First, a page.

Burnham, Tyler and Saru have been sent to an alien planet to harness the power of a naturally occurring crystalline antenna that might be the key to detecting cloaked Klingon ships. Meanwhile, Admiral Cornwell finds an unexpected ally aboard the Klingon ship.
I have two preliminary observations to make this week. First is that Discovery is to be renewed for a second season, which is quite exciting in that it will let the writers expand the universe beyond the arc they had planned for season one. Secondly, this show looks absolutely gorgeous on an iPad’s Retina display – which is particularly good for the planet-based sections of this episode.
Now, let’s move onto the story. Apart from the teaser of the very first episode, Discovery has yet to send us to a planet, so this episode promised a welcome change. What follows has been likened to Doctor Who by one of my occasional viewing companions, but actually I rather enjoyed it. We get an insight into Saru as a character (more on that later), some development on the Burnham/Tyler relationship front, and some non-corporeal aliens instead of the usual humanoids.
The second plot thread takes place aboard the main Klingon ship, as L’Rell tries to trick Kol so that she and Cornwell can escape. I was actually rather enjoying L’Rell as an empowered female character for the duration of this storyline, at least until it all seems to go wrong. Will either L’Rell or Cornwell get out of their predicament? Whilst things seem grim for both of them, surely the writers wouldn’t throw away both characters.
- I feel that this episode really fleshes out Saru’s character as a member of a prey species. He’s always uptight and on edge, with his threat ganglia ready to flare out at any moment. Pahvo represents a sensory overload to him, and one he can scarcely stand – at least until the aliens help him adjust. As someone who suffers from anxiety, I can see how tempting it must have been to him to want to stay somewhere where he could finally achieve serenity.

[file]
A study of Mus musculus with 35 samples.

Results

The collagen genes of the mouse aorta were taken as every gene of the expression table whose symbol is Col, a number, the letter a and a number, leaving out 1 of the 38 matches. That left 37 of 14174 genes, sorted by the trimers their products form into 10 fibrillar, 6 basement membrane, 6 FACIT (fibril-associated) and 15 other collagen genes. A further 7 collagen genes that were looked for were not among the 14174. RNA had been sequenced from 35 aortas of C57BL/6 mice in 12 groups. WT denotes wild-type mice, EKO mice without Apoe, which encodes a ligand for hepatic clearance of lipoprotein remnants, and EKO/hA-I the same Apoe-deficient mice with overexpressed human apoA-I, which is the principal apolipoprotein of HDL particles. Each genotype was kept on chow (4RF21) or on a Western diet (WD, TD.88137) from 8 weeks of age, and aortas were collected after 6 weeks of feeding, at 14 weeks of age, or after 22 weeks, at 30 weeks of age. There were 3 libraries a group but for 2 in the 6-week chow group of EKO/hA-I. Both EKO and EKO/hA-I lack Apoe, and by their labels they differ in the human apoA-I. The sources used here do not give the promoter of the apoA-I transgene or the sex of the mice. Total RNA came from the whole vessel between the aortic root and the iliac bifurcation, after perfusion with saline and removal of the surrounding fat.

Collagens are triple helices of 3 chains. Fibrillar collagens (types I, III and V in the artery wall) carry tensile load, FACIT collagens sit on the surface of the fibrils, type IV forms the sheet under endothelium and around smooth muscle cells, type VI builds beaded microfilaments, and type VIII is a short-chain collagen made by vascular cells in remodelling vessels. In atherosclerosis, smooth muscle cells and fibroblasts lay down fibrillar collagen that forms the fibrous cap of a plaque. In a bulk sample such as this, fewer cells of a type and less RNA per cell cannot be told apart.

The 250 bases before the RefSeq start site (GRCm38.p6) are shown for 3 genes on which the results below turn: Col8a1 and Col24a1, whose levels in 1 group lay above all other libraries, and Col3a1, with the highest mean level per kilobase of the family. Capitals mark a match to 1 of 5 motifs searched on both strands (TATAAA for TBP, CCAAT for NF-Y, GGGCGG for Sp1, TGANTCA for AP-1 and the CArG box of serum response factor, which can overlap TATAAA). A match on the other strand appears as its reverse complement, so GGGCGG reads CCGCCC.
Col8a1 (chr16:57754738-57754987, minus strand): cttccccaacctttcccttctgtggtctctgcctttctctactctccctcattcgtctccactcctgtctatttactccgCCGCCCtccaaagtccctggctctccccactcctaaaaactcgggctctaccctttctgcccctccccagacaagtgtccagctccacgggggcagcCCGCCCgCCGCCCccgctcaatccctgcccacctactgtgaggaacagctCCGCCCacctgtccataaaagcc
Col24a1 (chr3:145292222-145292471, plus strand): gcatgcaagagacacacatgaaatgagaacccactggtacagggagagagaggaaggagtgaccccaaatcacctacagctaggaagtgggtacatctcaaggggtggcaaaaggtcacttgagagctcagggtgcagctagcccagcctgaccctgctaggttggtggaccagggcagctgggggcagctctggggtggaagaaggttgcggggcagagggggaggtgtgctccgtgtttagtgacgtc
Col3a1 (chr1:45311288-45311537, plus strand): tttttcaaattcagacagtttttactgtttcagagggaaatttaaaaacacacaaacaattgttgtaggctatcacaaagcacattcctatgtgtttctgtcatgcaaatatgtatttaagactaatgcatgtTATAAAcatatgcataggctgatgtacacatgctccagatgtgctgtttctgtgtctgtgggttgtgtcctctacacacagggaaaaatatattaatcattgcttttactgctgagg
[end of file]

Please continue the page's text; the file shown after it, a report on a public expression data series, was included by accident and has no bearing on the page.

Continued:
- Stamets mistakenly refers to Tilly as ‘Captain’ – a sign that the alien DNA might be having an adverse effect on him. I wonder if Stamets is getting ‘memories’ from the future – he may have seen a timeline where Tilly does indeed become a captain. It is her ambition, after all.
- I appreciated that it was taking Saru time to learn how to converse with the Pahvans – I know it slows down the story but it’s a nice change from everyone immediately being able to converse with everyone else.
- It’s not quite strong enough to be a Franchise Nod, but the Pahvans and their attempts to broker peace between humans and Klingons are highly reminiscent of the Organians in Errand of Mercy.
- Admiral Cornwell says there is no death penalty in the Federation, but in the 23rd century, travel to Talos IV is punishable by death. However, since the events of The Cage occurred no more than a year before this episode, that General Order may not be in place yet.
- I’m a little disappointed that the female Klingons wear more skirt-like armour. Given how heavily the Klingons have been redesigned, why give them standard male and female gender expression? Klingon society as portrayed on Discovery so far seems pretty gender neutral, so why not run with that?
Summary – Si Vis Pacem, Para Bellum: When your new friends invite a bunch of Klingons over to their place.